The Ascension of Sleipnir: The Mythological Origins of Odin's Steed
Seven-headed monsters, one-eyed giants and blood-born winged horses are all shocking representations of the ways in which the well-known creatures of ancient Greek and Roman mythology transcend the borders of the moral world. However, the myths of Northern Europe had equally stunningly intriguing and extraordinary beings made of the gods, but not themselves gods. A primary example of these creations is the stallion Sleipnir.
The issue of the trickster god and the equine called Svaðilfari, the eight-legged Sleipnir survives Norse mythology as the pride of Odin's steeds. Sleipnir is more than Odin's ride, however. He is, in many ways, considered a form of helping spirit—a shamanic guide. This role can be compared to Odin's companions Hugin and Munin, a pair of ravens with the predictive capabilities.
Sleipnir was conceived when Loki, sometimes considered Odin's enemy and sometimes his "silly" little brother, transformed in a horse and mated with one of the most powerful stallions of a giant. The tale of Sleipnir's birth is among the most extensively surviving written records of the horse. According to Norse mythology, following the war between the two factions of gods—the Æsir and the Vanir—the wall that surrounded the realm of the Æsir was destroyed. Fortification was pertinent to the survival of the gods, otherwise they would have constantly been at risk (and vulnerable to) an attack by their primary enemies: the giants. To rebuild this war around Asgard, the gods hired a stonemason called Blast. However, Blast's payment was the hand of the goddess Freya, a deal the gods were not willing to make. Loki, trickster that he was, saw an alternative route. He convinced the gods to agree to the terms Blast proposed, assuring the gods that the payment would never be made. The gods trusted Loki to protect Freyja, and the deal was struck.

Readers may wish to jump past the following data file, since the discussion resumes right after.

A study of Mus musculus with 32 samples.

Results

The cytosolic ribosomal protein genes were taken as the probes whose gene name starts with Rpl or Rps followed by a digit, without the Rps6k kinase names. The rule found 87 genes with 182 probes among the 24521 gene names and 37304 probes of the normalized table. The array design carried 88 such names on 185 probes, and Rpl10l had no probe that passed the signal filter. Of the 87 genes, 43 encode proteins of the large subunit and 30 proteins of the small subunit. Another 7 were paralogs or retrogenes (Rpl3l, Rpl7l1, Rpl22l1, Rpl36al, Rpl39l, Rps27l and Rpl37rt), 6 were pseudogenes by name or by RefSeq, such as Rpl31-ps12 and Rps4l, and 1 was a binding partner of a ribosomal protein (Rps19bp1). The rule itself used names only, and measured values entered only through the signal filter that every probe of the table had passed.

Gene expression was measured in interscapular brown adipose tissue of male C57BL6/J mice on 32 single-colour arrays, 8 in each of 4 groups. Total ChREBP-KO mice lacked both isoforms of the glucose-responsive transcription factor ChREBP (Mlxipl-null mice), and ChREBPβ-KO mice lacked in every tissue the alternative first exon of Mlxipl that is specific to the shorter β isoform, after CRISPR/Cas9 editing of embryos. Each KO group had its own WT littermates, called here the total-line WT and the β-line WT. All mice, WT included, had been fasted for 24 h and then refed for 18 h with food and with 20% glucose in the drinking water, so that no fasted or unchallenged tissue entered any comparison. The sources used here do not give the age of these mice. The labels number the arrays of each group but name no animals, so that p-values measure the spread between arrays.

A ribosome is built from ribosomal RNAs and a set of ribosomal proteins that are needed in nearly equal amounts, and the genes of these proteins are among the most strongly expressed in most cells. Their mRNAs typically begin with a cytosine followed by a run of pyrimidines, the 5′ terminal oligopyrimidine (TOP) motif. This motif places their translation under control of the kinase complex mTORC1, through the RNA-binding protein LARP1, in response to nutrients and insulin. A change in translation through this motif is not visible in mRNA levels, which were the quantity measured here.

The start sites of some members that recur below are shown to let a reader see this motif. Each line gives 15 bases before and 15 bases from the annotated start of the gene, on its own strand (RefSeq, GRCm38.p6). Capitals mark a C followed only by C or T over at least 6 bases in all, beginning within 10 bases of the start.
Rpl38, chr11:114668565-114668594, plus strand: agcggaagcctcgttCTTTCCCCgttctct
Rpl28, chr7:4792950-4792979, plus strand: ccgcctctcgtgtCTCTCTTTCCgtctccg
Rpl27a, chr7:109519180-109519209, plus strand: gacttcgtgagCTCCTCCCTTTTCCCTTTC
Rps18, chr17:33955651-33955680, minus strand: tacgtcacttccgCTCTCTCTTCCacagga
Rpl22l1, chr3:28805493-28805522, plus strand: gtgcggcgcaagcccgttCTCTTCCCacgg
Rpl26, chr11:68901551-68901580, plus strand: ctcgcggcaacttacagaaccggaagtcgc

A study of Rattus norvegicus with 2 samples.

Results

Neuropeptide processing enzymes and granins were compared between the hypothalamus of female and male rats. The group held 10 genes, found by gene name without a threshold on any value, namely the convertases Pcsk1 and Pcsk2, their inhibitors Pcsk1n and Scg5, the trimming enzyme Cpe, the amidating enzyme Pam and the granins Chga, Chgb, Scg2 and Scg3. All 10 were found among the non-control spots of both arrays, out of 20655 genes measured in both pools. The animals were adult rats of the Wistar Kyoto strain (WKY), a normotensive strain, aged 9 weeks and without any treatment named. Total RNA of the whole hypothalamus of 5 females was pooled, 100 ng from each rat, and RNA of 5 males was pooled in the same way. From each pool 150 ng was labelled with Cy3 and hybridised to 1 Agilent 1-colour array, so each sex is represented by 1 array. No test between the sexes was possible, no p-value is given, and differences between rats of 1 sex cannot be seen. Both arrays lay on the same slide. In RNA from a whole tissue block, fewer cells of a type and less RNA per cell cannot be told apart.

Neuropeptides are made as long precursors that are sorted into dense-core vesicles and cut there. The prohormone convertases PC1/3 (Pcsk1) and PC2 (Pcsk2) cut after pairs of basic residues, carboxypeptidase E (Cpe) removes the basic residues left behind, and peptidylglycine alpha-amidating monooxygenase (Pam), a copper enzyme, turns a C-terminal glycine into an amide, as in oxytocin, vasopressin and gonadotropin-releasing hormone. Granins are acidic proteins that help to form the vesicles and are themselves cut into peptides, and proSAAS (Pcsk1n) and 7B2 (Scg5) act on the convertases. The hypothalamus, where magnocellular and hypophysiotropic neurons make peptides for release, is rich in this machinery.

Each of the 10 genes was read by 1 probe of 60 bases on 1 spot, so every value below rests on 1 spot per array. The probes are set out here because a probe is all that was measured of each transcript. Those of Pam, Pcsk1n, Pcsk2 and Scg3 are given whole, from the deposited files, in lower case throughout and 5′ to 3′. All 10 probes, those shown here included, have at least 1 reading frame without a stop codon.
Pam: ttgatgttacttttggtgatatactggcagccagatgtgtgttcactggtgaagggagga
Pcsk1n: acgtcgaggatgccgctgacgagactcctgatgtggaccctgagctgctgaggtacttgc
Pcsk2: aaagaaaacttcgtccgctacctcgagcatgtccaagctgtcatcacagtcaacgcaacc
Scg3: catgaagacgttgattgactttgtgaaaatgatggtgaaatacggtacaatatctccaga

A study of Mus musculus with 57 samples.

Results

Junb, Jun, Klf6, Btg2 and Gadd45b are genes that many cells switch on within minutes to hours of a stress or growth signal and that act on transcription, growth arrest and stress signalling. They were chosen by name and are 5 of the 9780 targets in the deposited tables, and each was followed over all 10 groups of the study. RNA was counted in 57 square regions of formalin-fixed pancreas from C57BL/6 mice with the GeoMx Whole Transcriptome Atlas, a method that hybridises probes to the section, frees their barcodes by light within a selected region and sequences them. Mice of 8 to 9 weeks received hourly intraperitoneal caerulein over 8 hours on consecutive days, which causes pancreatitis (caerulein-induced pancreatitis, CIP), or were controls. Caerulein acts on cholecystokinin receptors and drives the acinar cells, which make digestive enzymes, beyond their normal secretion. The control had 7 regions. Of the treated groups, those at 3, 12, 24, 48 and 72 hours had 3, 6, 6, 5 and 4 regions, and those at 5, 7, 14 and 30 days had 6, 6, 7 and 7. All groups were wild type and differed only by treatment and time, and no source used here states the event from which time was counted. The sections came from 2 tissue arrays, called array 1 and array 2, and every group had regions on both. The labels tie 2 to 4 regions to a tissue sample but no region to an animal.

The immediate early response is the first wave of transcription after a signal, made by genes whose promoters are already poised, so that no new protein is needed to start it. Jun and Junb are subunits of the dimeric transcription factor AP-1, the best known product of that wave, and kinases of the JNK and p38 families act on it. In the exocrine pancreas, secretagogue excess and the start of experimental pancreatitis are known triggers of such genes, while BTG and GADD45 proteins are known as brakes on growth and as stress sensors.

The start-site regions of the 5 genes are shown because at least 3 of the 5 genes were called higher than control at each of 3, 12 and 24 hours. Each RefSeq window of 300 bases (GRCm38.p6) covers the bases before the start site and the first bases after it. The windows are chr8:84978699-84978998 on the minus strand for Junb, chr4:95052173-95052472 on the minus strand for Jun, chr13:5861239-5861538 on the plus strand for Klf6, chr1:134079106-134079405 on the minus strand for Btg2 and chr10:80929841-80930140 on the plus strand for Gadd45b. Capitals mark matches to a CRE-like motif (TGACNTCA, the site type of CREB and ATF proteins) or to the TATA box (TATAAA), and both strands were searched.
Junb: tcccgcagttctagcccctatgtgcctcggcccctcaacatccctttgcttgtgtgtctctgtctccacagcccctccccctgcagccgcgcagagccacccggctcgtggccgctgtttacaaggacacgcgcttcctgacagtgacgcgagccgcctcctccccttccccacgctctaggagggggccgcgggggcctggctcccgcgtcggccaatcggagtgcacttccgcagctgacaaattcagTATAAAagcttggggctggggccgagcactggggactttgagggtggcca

Freyja and Loki flyte in an illustration (1895) by Lorenz Frølich ( Public Domain )
Blast brought along his power stallion, Svaðilfari, to help him with the heavy lifting. Svaðilfari aided Blast in building the wall far quicker than the gods had imagined, and that is when Loki struck. Transforming himself into a mare, he mated with the horse long into the next morning, preventing Blast from completing the wall before the agreed upon deadline. Having failed in his end of the deal, Blast therefore forfeited Freyja's hand. It was then that Blast revealed himself to be more than a mere stonemason, but a giant himself. He was dispatched of quickly by the hammer of Thor, Mjölnir.
Odin and Sleipnir. ( Public Domain )
Odin himself was believed to be the god of magic and shamanism, having forfeited one of his eyes to gain the gift of foresight, and having allowed himself to be hanged upside down to gain the secrets of the runes. Therefore, a god of his mystical standing would need an equally capable and supernatural ride through the various realms of universe. In that way, Hilda Ellis Davidson—one of the premiere scholars of Northern European mythology—postulated that the numerous legs of Sleipnir was intended to represent the ability to transcend the realm of the worlds. According to the Icelandic sagas, Sleipnir does play an important role in helping carry the dead to the Otherworld. Sleipnir is depicted in various artistic forms with eight-legs. However, it has often been debated whether those legs were intended as a metaphor for shamanic practices or beliefs.
Top image: Odin Riding Sleipnir. ( fenixdefogo.wordpress.com)
By Riley Winters
DuBois, Thomas. 1999. Nordic Religions in the Viking Age. University of Pennsylvania Press: Philadelphia.
Ellis Davidson, H.R. 1993.The Lost Beliefs of Northern Europe. Routledge: London.
Ellis Davidson, H.R. 1988. Myths and Symbols of Pagan Europe: early Scandinavia and Celtic religions. Syracuse University Press: New York.
Ellis Davidson, H.R. 1965. Gods and Myths of Northern Europe. Penguin: England.
Sturluson, Snorri. The Poetic Edda. trans. Lee M. Hollander. 1986. University of Texas Press: Texas.
I have seen Sleipner's eight legs compared to the eight legs if the traditional pallbearers, but I don't know if the Norse had that tradition - did four men carry the dead to their resting place? Or is this a kind of Ex Post Facto symbolism, and attribution based on traditions that Sleipner actually predated?